Thursday, April 12, 2012

Some Wild Bees

My friend tells me this is a worker bumblebee, most likely Bombus bimaculatus. This warm year seems to have sped up their cycle somewhat so it's a little early to see workers flying about in April. Even so, this is one of the shorter lived species, with hives normally petering out in July. They make their reproductives and the colony soon falls apart for the year leaving loan males and young queens out in the wild waiting until the end of summer, all of autumn and most of winter to pass before starting a hive of the own. I'd be curious to know if this year's hives grow larger than usual or perhaps makes reproductives sooner than normal.

Osmia lignaria, The Blue Orchard Mason Bee, is one of the few bees I can identify on my own. I believe the reason might be because it's somewhat unique looking. This is a type of Mason bee which lives in preexisting, tube shaped, cavities that only have one entrance. That sounds like a long list of requirements but the structure occurs naturally in nature all the time: wood boring beetle grubs emerging from a tree, or last year's hollow stemmed herbaceous perennials for example. 

This Andrena sp. is a type of mining or digger bee. Both common names work as they nest underground no matter what you call them. Unlike Mason bees they collect pollen on their legs, while Masons store it under the abdomen. I'm not sure why this is though perhaps it has something to do with digging requires thick sturdy legs with hairs to aid in moving the soil. These same hairs likely double as pollen collectors.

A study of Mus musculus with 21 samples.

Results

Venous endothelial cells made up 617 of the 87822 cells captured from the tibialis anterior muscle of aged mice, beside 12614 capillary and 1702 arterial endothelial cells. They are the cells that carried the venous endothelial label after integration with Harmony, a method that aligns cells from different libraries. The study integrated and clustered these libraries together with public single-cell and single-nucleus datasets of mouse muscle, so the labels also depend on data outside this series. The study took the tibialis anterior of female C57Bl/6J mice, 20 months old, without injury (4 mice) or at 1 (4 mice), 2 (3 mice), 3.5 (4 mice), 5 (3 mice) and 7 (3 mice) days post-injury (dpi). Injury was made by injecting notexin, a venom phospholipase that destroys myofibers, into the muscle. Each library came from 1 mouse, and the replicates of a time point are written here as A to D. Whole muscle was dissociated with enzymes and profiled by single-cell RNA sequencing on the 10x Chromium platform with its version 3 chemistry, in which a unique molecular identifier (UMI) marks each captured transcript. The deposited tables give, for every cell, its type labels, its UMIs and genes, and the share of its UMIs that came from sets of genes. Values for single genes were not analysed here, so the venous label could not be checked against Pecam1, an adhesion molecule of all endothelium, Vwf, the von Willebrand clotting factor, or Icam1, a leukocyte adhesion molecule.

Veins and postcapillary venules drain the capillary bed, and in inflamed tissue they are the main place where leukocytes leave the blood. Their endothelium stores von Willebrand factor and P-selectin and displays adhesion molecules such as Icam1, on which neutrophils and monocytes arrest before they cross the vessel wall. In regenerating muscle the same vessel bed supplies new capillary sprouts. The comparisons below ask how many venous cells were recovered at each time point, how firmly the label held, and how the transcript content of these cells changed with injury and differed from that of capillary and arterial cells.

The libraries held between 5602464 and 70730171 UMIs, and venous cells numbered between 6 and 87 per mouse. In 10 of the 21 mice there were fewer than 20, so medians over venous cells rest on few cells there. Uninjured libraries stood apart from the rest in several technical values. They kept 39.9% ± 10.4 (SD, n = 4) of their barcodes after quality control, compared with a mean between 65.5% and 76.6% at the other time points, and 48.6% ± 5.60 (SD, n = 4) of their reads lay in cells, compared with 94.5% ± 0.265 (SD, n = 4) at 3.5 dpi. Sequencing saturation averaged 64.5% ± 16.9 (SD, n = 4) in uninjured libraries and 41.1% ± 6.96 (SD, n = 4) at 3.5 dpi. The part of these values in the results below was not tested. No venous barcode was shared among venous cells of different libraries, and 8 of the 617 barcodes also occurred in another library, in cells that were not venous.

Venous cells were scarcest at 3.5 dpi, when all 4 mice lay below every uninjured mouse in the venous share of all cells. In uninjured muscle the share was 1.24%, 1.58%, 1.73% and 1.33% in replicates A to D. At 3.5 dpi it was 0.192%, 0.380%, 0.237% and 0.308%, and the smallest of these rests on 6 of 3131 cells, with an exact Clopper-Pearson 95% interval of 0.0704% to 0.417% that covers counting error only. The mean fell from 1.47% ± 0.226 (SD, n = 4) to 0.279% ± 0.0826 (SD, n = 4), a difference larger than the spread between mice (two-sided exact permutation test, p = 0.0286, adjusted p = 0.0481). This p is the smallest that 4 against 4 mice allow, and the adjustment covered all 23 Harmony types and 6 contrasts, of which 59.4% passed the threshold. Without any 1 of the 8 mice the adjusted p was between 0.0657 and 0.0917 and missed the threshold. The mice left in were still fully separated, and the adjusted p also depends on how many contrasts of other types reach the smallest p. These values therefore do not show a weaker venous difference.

Osmia taurus, an introduced species that's displacing some of our natives. Because of this and other introduced mason bees, most experts seem to be on the fence about recommending Mason Bee Tubes (such as those sold by Knox Cellars Native Pollinators). The idea being such sites would allow the nonnatives to gain access to other locations they haven't reached. At the same time though they provide nesting for natives as well. Unfortunately this is a topic that needs more study. O. taurus is abundant in my area but I still have native species, and presumably 2 other species nesting alongside them.

A major reason to discourage nonnative bees is they sometimes specialize in pollinating noxious weeds. The Giant Resin Bee, Megachile sculpturalis, is an introduced species from Asia. It's basically an overgrown leaf cutter bee that goes right for plant resin instead of cutting leaves. It's also a more suited pollinator of the dreaded Kudzu, Pueraria montana. Kudzu used to rarely produce seeds as very few of our native pollinators were managing to pollinate the flowers, though I'm sure many were able to steal nectar from it.

As things leaf out we'll start to see real leaf cutter bees flying around. These nest in both underground holes and in preexisting tubes. They're set apart from digger and mason bees in that they cut slices out of leaves to make chambers, instead of using mud or simply burying their young. Over the summer I'll also be keeping an eye out for Squash Bees, Sunflower Bees, and Rose Mallow Bees. Also buzzing about now should be Blueberry Bees; all of whom specialize in flower shapes that their common names suggest.